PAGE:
Ukrainian small-business owners have camped out in front of the parliament building in Kyiv to protest against the new Tax Code.
Ukrainian small-business owners have camped out in front of the parliament building in Kyiv to protest against the new Tax Code.
KYIV -- Leonid Sheremet from Kovel, a city in western Ukraine, started his small business in 2000 with an initial investment of $700.

He purchased one bag of new clothing, which he then sold for a profit. Today, Sheremet's small retail business employs two people and pays them a respectable salary. He says Ukraine's current simplified tax, which applies to small entrepreneurs, enabled his business to grow.

Under the current system, small and medium-sized businesses pay a flat tax of 200 to 600 hryvnyas ($20-$75) per month, depending on the nature and volume of their business. Introduced in 1999, the onetime monthly payment allows business owners to avoid dealing with tax officials, who are seen as corrupt. Many credit the simplified code with reviving small businesses.

No More Loopholes

But a new government-proposed Tax Code, which parliament approved on November 18, would close that loophole. Everyone -- from small businesses to major corporations -- would have to file complex, itemized returns with the authorities.

The government argues that the new system is needed and will bring in extra revenue during a severe economic downturn.

Sheremet says that if it's implemented, he'll be forced to lay off employees, because taxes will simply be too high for him to turn a profit. So, he and thousands like him have taken to the streets of Kyiv and other cities to protest.

Rewards And Punishments

The proposed new Tax Code has been clouded in controversy since its inception. First introduced in July, the document was criticized by Ukraine's President Viktor Yanukovych and subsequently returned to Prime Minister Mykola Azarov with thousands of amendments and criticisms. A new version is now being considered by legislators.

Ukraine's proposed new code rewards some and punishes others, says economist Anders Aslund, who has served as an economic adviser to the governments of Ukraine, Russia, and Kyrgyzstan. Aslund, currently a senior fellow at the Washington-based Peterson Institute for International Economics, says under the new legislation, big companies will be rewarded, and small companies punished.

"A five percent dividend tax cap for big companies is a big advantage and could lead to Ukraine's biggest companies actually being based in Ukraine and not in offshore accounts," Aslund says.

However, he qualifies, "The two big drawbacks are that the simplified tax is being [eliminated], and another worry is that ordinary international accounting principles are not being introduced."

Unnecessarily Complicated

There are currently some 3 million registered small-business owners in Ukraine, who in turn employ another estimated 6 million workers -- out of a total population of some 46 million.

The new code would incorporate these small businesses into the general tax-accounting system, which protesters say would open the door to corruption and manipulation by tax authorities.

The main problem with the new tax legislation is that it takes something simple and makes it unnecessarily complicated, says opposition legislator Ksenia Liapina. The new code, she says, will encourage entrepreneurs to bypass the more expensive, legal tax system and, instead, work "in the shadows."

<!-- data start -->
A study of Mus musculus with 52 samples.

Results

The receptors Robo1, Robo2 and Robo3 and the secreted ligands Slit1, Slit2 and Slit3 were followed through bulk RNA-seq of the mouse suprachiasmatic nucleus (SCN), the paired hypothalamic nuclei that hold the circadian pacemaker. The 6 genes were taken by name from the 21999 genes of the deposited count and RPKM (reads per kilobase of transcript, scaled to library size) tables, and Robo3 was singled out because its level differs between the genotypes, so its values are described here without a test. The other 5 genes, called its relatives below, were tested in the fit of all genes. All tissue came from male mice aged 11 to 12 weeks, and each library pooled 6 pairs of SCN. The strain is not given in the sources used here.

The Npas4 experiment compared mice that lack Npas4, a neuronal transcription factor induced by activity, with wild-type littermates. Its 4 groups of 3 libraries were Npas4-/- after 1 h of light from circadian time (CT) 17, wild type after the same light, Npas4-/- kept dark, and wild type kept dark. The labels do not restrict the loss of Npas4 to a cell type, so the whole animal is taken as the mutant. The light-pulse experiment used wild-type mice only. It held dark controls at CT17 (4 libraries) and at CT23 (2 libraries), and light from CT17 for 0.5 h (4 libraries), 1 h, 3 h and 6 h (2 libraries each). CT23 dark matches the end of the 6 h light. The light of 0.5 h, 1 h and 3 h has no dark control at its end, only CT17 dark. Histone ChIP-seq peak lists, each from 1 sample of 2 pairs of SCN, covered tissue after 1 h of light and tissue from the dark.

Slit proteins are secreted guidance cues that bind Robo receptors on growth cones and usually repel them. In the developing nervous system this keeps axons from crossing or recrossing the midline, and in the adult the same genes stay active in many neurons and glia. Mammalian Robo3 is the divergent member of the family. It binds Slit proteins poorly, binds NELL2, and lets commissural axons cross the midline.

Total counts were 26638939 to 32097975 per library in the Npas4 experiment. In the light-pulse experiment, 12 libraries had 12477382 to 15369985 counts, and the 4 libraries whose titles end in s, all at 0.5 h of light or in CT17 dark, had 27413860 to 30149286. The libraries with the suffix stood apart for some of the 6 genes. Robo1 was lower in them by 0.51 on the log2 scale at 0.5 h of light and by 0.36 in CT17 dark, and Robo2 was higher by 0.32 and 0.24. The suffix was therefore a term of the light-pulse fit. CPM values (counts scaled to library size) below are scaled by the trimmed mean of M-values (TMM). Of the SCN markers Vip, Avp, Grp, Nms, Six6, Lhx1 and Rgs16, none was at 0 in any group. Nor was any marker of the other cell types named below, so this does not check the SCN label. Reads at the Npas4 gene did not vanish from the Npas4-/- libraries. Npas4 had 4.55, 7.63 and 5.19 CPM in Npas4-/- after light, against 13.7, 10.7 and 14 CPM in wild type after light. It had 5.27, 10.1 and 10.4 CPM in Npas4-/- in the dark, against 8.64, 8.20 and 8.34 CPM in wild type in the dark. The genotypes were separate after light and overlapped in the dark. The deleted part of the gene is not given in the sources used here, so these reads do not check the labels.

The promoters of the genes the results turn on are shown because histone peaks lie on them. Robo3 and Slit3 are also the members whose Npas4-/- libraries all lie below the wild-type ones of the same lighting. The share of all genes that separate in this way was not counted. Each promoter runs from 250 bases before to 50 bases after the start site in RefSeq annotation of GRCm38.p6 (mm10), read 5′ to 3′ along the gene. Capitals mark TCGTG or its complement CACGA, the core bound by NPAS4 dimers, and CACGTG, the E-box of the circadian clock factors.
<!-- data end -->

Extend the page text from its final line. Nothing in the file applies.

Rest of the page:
"What’s the point of paying 400 or 600 hryvnyas? What for? To have daily audits and checks, a constant hassle?" Liapina argues. "The entrepreneur will do what he did back in 1998 -- pay five hryvnyas in tax to the budget and give 200 hryvnyas as a bribe to the tax inspector."

According to the World Bank, Ukraine's current tax system is the third-worst in the world, after Belarus and Venezuela.

Government Taken Unawares

Aslund says the ruling Party of Regions' urgency in pushing the new code through parliament looks like an attempt to prove to international lenders that they are serious about reforms.

But the Party of Regions and the government were clearly not expecting such an outpouring of protest. Vladyslav Lukyanov, deputy chairman of parliament's Budget Committee and a Party of Regions member, said he failed to understand why the code would provoke such demonstrations. "Today, this Tax Code is a much better document than all the legislation which regulates tax collection and tax administration," Lukyanov said.

Volodymyr Dubrovskyy, a senior economist at the Kyiv-based Center for Social and Economic Research, sees a political dimension to the anti-tax protests. He says the abolishment of the simplified tax is a direct attack on the most independent section of Ukrainian society -- the entrepreneurial middle class -- the very same people who ardently supported the Orange Revolution.

But where the Orange Revolution predominantly attracted people from central and western Ukraine, the current tax protests encompass all of Ukraine. Demonstrations have been held in the eastern city of Kharkiv, as well the home base of the Party of Regions, Donetsk.

"What is most encouraging is that people from the east and south of Ukraine, these are pragmatic people, when their interests are threatened, they also take to the streets to protest," Dubrovskyy says. "In Ukraine the national idea is pragmatic -- survival, well-being. When these things weren't threatened, there was no revolt. Now, there is a revolt."

Ukraine's proposed new Tax Code is a voluminous document of 503 pages, 19 sections, and 340 articles. With the nearly 4,500 corrections and amendments to be considered, parliament only succeeded in approving five sections in a vote earlier this week. The vote for the remaining 13 sections is planned for November 18.